The Intel Intelligencer this week looks at a paper which is not new – drafts of this have been circulating since December, 2010 – but is important as it addresses the important question of how we as law enforcement crime and intelligence analysis view our role in defending the homeland.
It is equally important reading as we as a nation contemplate how we look at domestic intelligence nearly a decade after the attacks of 11 September 2001.
Title: Long-Term Effects of Law Enforcement’s Post-9/11 Focus on Counterterrorism and Homeland Security
Author: Lois M. Davis, Michael Pollard, Kevin Ward, Jeremy M. Wilson, Danielle M. Varda, Lydia Hansell, Paul Steinberg
Publisher: RAND Corporation
To answer questions about how local law enforcement strategies have been adapted to meet contemporary counter-terrorism and homeland security requirements, the authors studied the approaches of five large agencies: the Boston Police Department, the Houston Police Department, the Las Vegas Metropolitan Police Department, the Los Angeles County Sheriff’s Department, and the Miami-Dade Police Department.
The questions included how these agencies approached CT/HS: what resources they use, how their strategies had changed, the advantages and disaadvantages of the approach, and the trends in the evolution of fusion centers. It also seeks metrics on success and costs of theses programs.
Among the interesting and accurate statements include those that would speak to the need (and this is us talking, not RAND) for cyclical and ongoing training of LE personnel on CT and HS issues (okay, back to RAND), because of constant turnover within the departments as part of the life of an officer. One commander told researchers that it took two years to get someone up to speed in an intel environment, but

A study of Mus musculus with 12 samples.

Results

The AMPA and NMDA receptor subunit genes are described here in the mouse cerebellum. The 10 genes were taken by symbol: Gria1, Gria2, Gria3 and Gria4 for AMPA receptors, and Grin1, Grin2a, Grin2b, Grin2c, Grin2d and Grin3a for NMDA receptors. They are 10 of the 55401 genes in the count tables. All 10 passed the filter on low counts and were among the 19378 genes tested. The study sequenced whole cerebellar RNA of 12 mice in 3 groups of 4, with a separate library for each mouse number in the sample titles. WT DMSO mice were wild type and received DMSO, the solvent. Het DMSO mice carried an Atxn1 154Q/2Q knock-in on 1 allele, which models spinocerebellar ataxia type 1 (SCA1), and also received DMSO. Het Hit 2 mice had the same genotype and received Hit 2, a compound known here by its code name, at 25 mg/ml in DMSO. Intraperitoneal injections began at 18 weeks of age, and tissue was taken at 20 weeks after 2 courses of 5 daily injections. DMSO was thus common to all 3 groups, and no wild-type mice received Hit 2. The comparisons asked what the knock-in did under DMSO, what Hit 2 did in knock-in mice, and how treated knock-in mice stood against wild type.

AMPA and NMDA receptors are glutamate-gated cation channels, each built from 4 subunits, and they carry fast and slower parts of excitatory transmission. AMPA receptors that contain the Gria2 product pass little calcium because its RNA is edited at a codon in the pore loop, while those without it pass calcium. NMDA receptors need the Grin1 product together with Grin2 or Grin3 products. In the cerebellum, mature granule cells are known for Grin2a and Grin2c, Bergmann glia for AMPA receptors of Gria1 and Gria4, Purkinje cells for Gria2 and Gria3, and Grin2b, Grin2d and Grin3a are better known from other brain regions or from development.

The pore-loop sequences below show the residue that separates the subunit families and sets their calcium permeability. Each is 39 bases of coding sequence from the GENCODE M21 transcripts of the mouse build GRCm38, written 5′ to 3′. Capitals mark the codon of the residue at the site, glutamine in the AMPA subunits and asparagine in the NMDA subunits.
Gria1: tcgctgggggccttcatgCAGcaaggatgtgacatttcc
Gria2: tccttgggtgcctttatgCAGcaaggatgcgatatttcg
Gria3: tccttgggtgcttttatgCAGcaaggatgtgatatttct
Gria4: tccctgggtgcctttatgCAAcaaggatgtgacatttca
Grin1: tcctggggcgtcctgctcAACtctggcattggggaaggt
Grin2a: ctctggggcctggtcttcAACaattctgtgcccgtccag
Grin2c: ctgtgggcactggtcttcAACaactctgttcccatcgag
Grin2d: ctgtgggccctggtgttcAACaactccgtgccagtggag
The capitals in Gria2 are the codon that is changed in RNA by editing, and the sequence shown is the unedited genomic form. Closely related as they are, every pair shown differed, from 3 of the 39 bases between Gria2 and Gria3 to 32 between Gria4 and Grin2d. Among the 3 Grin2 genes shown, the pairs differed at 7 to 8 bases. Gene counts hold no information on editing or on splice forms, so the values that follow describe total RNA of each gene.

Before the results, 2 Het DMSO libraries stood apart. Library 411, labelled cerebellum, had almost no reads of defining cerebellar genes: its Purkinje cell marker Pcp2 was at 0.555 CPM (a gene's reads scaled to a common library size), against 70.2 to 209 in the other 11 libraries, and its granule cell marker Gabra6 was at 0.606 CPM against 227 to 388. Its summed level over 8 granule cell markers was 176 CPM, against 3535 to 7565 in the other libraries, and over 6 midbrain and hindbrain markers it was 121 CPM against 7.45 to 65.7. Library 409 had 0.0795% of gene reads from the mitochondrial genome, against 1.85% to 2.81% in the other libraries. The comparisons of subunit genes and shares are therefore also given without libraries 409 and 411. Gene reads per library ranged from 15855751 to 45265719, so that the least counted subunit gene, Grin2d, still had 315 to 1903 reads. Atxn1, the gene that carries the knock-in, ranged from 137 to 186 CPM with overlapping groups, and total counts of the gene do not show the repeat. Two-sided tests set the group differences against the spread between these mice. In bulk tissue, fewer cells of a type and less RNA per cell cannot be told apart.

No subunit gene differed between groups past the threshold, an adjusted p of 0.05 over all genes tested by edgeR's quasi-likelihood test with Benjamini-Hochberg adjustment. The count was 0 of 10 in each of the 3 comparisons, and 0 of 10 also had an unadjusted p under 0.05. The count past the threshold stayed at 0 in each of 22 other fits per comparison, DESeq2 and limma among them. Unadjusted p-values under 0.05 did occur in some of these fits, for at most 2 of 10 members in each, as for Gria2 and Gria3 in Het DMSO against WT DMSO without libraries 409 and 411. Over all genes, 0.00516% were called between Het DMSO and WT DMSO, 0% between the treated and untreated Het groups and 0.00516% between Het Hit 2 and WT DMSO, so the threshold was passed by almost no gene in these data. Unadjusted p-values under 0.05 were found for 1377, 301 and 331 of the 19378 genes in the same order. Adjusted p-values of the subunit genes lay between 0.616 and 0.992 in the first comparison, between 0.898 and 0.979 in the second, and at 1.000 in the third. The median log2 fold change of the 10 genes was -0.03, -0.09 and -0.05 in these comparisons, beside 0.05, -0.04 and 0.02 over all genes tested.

to advance in one’s career, sworn officers typically promote to new jobs and into different types of positions every couple of years. As a result, the substantial invest- ment in training, relationship-building, and knowledge-building can be lost right as these individuals become most effective in CT and HS positions.
The report’s most compelling findings in our narrow viewpoint are those on fusion centers. As the report notes, these have been suggested since the 1964 Warren Commission report, and only now have the fusion centers begun to come into their own. The report notes that, although many of the post-9/11 fusion centers began with a CT mission, the majority have expanded their mission to include all-crimes or all-hazards.
This paper is a good grounding for those interested in learning not just the funamental constructs of the nation’s 72 fusion centers, but also how they work with large agencies.